The Bloody Bush SOSCT route takes its name from the stone pillar at the England-Scotland border which you will see marked on the map as "Bloody Bush". It links the Waverley Way which runs south of Hawick east across the border to Kielder Forest in Northumberland.
Don't be put off by the name. For many years a boggy mess, thanks to the drainage and improvement work done through South of Scotland Countryside Trails, the Bloody Bush route is now ideal for walkers, cyclists and horse-riders. On a clear day the 360 degree views are truly spectacular, with hardly a sign of civilisation in sight.
You should be able to download a map of the Bloody Bush route from BHS EMAGIN but we regret there is currently a problem with online map for this route - we are doing our best to fix it as quickly as possible.
You can access the Bloody Bush route off the B6357 which runs between Newcastleton and Bonchester Bridge, either via the forest road immediately north of Dinlabyre (OSGR NY528923) or via the forest road immediately south of Hewisbridge at OSGR NY537933. The two tracks join just above Kidd's Linn Waterfall, from where a single forest road continues uphill until eventually you climb above the trees, heading towards the mast. Shortly before the mast, the Bloody Bush track through to Kielder is clearly signed off to the right (east), between wooden posts which have been installed to deter illegal vehicular use.
There are a range of shops, pubs and cafes at Newcastleton. At the Kielder end of the route, there is a cafe in Kielder village, a pub serving food in Falstone, and visitor centres with cafes, shops, toilets and other facilities at Leipleish and Tower Knowe.
The nearest promoted accommodation for horse and rider is south of Newcastleton at Saughs Farm, at Wiltonburn west of Hawick, or Cavers Garden Farm south-east of Hawick.
The western end of the Bloody Bush route links directly with the Waverley Way, a disused railway now developed as a multi-use walking, cycling and horse-riding route which links north to the Hawick circular riding route.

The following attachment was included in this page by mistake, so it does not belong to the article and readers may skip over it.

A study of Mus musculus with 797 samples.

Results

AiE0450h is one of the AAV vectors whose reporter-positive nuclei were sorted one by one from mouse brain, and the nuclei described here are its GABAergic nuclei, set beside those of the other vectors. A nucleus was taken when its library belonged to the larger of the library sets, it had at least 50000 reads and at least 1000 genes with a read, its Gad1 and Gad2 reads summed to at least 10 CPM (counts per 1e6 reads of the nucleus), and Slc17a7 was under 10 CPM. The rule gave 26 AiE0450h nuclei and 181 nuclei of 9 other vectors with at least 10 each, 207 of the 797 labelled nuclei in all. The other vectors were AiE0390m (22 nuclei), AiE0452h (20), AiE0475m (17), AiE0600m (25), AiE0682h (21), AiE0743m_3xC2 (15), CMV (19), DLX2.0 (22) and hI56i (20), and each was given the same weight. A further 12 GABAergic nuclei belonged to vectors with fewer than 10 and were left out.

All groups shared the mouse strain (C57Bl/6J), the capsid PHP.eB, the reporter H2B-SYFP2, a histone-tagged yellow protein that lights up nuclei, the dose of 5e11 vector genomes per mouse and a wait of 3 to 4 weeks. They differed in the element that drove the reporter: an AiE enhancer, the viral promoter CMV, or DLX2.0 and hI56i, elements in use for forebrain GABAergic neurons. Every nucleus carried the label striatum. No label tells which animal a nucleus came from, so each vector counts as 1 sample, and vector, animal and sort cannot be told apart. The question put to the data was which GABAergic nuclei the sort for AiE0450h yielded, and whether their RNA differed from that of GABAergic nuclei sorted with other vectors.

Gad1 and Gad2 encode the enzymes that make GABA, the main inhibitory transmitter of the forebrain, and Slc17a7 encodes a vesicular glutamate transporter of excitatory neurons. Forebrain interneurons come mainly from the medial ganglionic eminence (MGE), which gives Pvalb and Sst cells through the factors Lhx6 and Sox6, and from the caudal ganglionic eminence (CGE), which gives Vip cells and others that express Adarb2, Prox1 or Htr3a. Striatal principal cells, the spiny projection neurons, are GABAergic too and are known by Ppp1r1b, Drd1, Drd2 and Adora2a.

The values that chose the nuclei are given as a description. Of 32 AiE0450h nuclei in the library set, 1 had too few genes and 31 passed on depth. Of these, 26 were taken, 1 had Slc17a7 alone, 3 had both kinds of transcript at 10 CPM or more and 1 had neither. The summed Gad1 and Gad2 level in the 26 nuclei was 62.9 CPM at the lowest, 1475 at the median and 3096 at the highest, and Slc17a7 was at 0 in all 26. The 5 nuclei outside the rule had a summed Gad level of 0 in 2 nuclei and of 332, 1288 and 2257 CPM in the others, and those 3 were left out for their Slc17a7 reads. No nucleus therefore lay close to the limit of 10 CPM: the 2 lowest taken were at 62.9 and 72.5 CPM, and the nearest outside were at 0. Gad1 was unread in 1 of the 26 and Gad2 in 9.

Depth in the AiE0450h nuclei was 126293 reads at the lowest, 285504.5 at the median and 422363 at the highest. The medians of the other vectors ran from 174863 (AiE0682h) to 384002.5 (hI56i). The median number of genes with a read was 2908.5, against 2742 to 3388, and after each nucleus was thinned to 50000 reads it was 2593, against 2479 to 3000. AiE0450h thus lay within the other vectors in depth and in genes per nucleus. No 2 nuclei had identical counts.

Continuing east from Bloody Bush across the border into England, a firm track links down to a forest road which leads down to Kielder Reservoir. A superb new all abilities trail has been developed right the way around the reservoir, suitable for walkers, cyclists and horse-riders. This also links directly onto the Border County Ride, which heads east from Falstone at the foot of Kielder towards the Cheviot Hills, where you can link back through on the SOSCT Cheviot routes.
More about the Bloody Bush route
The link between Newcastleton and Kielder follows an old road, probably built in 1826 to transport coal from the North Tyne Valley. Bridges on this route bear the date 1828. A record in ‘Shadowlands Haunted Places Index’ sheds light on why Bloody Bush was so named. As you follow this route, think back to those who have travelled it before, but do not be off put by this dire warning!
“Kielder – Bloodybush Road – in the remote area of Kielder lies the lonely Willowbog Cottage, so old it is, in fact, mentioned in the Doomsday Book. From then on to the present day, every bridge ever built there, be it stone, metal or wood, has never stood for over a decade. They have all at one point been found completely demolished over night or had to be destroyed due to unexplained bloodstains that cover every inch of it. On certain nights the galloping of hooves has been heard from the nearby Willowbog Cottage (which itself is 20 miles from anywhere).
Watch out for
The Bloody Bush route is very easy to follow but it is not for the feint hearted in bad weather – it is a long way in either direction to civilisation, and although the track is firm and hard regardless of the weather, it can be exposed on the Scottish section before reaching the shelter of Kielder Forest.
This is now a popular mountain bike route, particularly for cyclists on waymarked trails from Kielder. When the mist is down, be aware that cyclists may suddenly appear behind or in front of you - and get a surprise to meet a horse!